E4960. Unusual Suspects: A Case Review of Nonatherothrombotic, Noncardioembolic Cerebral Embolism
  1. Harvey Sekhon; University of Nebraska Medical Center
  2. Grant Zomermaand; University of Nebraska Medical Center
  3. Sean Kelly; University of Nebraska Medical Center
  4. Mark Keiper; University of Nebraska Medical Center
Radiologists play a crucial role in the diagnosis of acute stroke and are often the first provider to identify a specific etiology. Most cerebral emboli are of cardioembolic and atherothrombotic origin. Nonatherothrombotic, noncardioembolic cases of embolic stroke are rare but important for the radiologist to be familiar with because management will vary considerably from standard thrombolysis and thrombectomy. Although a relatively rare phenomenon, high clinical suspicion and early treatment is often required to reduce morbidity and mortality associated with these unusual cases.

Educational Goals / Teaching Points
The goals of our presentation are to discuss and illustrate nonatherothrombotic and noncardioembolic causes of cerebral embolism, including entities such as cerebral air, fat, septic, and iatrogenic emboli in a case-based review from our large academic institution. In addition to the cases provided, the exhibit will include other common clinical presentations and risk factors associated with specific nonatheroembolic cerebral embolism. Finally, and most importantly, it will emphasize radiological features and discuss diagnostic limitations using various imaging modalities.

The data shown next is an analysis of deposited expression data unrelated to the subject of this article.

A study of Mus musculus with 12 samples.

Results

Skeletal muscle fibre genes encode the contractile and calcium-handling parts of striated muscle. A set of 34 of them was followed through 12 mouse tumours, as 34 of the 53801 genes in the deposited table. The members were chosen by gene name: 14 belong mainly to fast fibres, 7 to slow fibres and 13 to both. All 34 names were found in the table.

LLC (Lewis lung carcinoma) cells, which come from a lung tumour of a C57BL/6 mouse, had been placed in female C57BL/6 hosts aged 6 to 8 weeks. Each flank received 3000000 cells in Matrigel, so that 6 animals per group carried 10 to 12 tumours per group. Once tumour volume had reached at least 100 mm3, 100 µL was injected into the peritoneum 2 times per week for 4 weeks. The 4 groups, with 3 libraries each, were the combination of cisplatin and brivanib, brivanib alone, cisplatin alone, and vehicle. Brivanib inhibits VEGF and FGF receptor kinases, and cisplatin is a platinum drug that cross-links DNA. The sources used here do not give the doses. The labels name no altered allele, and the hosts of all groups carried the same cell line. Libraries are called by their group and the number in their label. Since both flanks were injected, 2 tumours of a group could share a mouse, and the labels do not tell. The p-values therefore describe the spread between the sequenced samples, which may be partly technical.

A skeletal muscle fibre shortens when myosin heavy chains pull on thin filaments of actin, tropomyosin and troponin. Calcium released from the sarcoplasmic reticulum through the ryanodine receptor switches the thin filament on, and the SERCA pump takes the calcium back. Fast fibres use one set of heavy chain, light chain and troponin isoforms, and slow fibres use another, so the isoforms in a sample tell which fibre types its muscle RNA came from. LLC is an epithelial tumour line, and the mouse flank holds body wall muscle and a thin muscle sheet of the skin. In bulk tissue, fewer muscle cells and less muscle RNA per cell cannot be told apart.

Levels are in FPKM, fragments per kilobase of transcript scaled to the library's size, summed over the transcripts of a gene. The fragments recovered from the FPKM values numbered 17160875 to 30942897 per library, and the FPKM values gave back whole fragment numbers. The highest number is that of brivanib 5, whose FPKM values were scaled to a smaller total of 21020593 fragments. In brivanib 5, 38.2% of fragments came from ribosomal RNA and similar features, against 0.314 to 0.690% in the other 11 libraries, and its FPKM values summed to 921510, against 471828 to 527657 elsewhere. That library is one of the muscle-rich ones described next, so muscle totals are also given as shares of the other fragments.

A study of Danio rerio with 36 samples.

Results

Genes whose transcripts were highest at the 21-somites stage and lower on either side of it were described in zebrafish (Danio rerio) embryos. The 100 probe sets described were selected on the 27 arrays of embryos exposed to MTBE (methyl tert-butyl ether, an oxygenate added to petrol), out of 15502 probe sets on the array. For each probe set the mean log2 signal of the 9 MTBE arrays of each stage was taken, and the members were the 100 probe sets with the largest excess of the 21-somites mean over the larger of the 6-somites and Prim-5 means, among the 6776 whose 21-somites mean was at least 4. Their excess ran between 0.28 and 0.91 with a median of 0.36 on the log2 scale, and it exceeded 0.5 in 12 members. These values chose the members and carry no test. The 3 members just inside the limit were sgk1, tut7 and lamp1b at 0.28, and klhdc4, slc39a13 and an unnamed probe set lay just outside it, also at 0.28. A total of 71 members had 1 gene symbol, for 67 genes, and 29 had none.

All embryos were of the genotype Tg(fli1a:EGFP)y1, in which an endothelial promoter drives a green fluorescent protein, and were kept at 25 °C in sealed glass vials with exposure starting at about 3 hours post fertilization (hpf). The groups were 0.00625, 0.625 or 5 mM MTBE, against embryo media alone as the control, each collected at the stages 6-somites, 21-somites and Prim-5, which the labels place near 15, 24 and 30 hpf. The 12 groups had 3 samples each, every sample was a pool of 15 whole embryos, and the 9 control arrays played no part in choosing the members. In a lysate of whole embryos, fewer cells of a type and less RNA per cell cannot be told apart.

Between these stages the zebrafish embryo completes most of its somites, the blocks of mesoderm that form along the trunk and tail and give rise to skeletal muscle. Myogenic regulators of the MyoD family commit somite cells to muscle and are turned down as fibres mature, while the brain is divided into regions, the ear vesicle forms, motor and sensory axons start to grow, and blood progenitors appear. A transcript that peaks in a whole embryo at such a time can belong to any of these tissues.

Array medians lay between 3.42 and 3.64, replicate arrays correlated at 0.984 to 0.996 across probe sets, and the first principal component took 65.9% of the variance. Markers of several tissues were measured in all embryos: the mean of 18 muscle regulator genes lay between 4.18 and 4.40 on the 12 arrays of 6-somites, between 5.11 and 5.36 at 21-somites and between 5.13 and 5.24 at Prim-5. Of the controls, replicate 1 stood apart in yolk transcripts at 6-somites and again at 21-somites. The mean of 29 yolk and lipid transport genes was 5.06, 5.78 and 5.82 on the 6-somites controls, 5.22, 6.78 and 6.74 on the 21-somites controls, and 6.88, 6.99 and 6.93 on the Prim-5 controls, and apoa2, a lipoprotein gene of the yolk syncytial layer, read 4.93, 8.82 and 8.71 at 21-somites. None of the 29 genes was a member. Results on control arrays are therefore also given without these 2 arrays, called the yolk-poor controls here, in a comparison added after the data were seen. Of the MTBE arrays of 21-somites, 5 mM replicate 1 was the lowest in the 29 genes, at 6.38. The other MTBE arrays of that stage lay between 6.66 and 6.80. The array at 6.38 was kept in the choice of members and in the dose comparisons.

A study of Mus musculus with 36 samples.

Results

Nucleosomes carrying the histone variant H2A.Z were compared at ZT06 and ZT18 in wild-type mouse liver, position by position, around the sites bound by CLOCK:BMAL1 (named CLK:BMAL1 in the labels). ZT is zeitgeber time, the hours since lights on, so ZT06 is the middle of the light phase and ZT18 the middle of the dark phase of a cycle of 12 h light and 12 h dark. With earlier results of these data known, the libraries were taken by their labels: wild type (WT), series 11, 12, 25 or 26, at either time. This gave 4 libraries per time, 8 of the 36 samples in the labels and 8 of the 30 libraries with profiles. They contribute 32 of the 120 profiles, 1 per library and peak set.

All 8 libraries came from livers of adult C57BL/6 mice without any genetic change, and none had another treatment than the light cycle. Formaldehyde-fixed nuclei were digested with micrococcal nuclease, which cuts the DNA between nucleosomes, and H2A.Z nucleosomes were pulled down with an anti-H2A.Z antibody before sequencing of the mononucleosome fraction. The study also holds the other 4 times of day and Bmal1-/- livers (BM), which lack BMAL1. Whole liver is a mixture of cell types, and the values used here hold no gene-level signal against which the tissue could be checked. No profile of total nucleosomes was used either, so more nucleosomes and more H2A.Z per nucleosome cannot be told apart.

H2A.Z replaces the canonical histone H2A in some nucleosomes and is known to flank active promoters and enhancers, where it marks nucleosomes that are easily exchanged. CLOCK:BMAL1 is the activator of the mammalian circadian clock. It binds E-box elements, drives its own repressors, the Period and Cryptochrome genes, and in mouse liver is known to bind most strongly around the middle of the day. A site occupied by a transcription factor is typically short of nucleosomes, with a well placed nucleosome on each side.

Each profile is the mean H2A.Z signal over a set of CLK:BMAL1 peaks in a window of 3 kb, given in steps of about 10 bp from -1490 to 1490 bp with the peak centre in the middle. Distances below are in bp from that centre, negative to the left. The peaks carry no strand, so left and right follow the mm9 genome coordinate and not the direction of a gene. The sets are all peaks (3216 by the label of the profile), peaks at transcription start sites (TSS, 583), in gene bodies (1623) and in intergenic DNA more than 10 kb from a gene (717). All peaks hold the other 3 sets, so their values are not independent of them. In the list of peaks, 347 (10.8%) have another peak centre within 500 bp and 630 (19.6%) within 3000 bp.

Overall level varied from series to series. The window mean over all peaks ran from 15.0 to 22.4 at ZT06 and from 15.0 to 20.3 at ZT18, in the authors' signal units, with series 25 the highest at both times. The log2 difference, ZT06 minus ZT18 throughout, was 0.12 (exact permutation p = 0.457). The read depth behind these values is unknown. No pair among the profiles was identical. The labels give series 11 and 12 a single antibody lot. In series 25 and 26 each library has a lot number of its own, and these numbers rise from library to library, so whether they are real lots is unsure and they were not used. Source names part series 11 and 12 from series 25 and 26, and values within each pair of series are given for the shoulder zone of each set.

Key Anatomic/Physiologic Issues and Imaging Findings/Techniques
The cases will be organized to include a brief clinical history, imaging indication, annotated images, clues to accurately interpret the case, and suggestions for additional workup when applicable. Our series of cases will highlight different forms of cerebral embolic disease. Some of the cases to be presented include an unusual case of cerebral air embolism in a patient discovered to have a spontaneous pneumothorax in the setting of interstitial lung disease, waxing and waning air emboli in a patient with a suspected left ventricular assist device infection, fat emboli in the traumatic setting, septic emboli, and inadvertent iatrogenic cerebral embolization.

This educational exhibit will provide a solid fund of cases to expand the viewer’s understanding of this relatively rare entity. We hope to improve the interpreting radiologist’s ability to quickly identify the source of embolic stroke while emphasizing timely and effective management to improve patient outcomes.